In 1911, it was grim irony that the wreck of the "Nimrod" was discovered drifting in the pack ice on Ernest Shackleton's birthday by his old rival Roald Amundsen.
This post was written by Dirk Puehl the highly recommended author of #onthisday #history Google+ posts.
Amundsen discovers the NimrodDirk Puehl writes - "Who is the third who walks always beside you?
When I count, there are only you and I together. But when I look ahead up the white road. There is always another one walking beside you. Gliding wrapt in a brown mantle, hooded. I do not know whether a man or a woman. - But who is that on the other side of you?" (T.S. Eliot, "The Waste Land")
Since Amundsen was a Norwegian citizen and not subject to the gagging orders imposed by British Home Secretary Winston Churchill and the Admiralty, at least some of the quite disturbing news of Amundsen's discovery leaked out, but were mainly covered by rather dubious elements of the international press and Amundsen, fearing for his reputation as a scientist, refused to comment on his discovery in public until his death in 1928 and the mystery of Shackleton's death and the fate of the "Nimrod" were soon overshadowed by the outbreak of the Great War.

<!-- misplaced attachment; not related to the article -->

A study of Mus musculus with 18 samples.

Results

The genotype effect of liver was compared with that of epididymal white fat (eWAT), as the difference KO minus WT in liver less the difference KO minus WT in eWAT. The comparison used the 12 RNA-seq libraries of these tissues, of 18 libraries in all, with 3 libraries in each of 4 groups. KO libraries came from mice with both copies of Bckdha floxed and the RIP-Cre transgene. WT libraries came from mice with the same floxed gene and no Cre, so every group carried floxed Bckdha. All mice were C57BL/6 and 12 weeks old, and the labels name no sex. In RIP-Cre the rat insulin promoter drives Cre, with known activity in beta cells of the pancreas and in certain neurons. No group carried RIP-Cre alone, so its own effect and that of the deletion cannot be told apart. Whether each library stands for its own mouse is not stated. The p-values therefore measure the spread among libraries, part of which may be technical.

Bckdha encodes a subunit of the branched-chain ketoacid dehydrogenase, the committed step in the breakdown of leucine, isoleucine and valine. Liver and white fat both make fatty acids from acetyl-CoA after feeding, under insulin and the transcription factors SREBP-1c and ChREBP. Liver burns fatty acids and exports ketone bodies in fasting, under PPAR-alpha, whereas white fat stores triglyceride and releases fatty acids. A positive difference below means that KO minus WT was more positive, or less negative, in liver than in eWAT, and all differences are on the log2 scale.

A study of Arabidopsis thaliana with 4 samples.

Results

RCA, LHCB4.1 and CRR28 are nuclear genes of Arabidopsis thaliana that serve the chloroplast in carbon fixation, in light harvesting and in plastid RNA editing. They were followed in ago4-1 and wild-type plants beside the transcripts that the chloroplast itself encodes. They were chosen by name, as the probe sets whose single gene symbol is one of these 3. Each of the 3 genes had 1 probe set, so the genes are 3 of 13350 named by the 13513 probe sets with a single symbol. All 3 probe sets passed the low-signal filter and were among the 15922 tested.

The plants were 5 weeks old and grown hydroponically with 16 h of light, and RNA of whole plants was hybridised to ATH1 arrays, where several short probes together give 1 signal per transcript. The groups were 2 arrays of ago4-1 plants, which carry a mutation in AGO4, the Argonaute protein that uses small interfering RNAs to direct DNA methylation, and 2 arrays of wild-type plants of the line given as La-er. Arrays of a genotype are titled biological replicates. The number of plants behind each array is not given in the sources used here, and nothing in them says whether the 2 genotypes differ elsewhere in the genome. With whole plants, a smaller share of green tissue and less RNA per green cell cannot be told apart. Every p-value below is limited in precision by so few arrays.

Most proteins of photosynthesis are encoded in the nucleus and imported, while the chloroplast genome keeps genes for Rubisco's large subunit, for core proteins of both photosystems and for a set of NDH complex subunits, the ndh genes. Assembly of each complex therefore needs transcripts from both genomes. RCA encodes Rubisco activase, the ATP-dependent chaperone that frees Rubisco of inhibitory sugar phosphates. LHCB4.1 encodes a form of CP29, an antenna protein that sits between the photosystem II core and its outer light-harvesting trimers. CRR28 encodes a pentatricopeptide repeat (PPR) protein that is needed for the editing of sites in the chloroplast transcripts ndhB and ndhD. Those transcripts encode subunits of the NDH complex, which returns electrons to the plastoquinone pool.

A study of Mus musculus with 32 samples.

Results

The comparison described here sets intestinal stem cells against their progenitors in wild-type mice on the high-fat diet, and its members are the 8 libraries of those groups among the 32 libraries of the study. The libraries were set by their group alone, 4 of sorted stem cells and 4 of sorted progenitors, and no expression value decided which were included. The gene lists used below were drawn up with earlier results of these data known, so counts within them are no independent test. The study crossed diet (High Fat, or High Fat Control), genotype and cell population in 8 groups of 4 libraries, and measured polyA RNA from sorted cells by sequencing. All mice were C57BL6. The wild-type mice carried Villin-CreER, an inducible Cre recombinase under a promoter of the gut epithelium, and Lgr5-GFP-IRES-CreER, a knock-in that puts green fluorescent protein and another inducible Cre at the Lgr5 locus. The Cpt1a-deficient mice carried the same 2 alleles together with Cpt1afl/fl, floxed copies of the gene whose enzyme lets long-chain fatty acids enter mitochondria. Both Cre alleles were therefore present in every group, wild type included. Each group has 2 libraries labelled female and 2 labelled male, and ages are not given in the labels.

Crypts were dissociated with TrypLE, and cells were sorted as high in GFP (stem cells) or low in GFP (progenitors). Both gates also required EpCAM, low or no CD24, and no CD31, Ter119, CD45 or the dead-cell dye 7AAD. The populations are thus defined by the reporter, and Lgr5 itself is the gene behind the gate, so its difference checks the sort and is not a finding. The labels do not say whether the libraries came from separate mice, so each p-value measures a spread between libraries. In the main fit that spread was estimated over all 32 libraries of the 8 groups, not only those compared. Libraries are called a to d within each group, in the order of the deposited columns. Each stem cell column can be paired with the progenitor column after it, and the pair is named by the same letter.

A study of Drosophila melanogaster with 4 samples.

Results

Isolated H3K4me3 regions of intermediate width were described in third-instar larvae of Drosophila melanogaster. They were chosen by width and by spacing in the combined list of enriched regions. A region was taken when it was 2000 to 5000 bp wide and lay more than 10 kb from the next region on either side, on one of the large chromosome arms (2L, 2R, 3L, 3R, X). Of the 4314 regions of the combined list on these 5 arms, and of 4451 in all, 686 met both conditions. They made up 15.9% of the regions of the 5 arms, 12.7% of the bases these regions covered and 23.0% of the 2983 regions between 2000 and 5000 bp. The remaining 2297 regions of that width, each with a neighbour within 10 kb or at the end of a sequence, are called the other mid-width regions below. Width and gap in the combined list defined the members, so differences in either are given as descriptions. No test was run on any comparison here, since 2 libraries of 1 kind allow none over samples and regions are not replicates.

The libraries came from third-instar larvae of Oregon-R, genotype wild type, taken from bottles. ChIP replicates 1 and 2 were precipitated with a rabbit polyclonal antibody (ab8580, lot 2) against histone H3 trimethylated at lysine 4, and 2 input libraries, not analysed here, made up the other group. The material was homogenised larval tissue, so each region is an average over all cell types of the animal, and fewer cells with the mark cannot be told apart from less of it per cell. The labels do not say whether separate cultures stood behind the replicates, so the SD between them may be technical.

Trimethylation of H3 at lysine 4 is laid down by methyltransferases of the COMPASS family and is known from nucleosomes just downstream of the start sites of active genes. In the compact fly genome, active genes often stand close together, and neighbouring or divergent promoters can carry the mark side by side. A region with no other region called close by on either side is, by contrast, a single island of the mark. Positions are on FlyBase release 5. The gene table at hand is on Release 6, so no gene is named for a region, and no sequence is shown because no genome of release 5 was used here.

Fact is that Amundsen alerted the sealing steamer "Aurora" to make contact with British authorities who send the Port Stanley-based cruiser HMS "Glasgow" to investigate. Alerted by wireless, London decided to create virtually a restricted area in Antarctica by dispatching a whole squadron of cruisers under the command of Rear-Admiral Sir Christopher Cradock. Cradock's first action was to seize Amundsen's logs and records and send him on his way in the "Fram". Protests of the Norwegian and German government were officially ignored. The little-known "Nimrod" protocol, passed during the London Conference of 1912, finally ended similar international irritations and made Antarctica the "no-go area" it was until the late 1950s, the naval blockade, joined by the United States, Japan and France, was in place until 1936.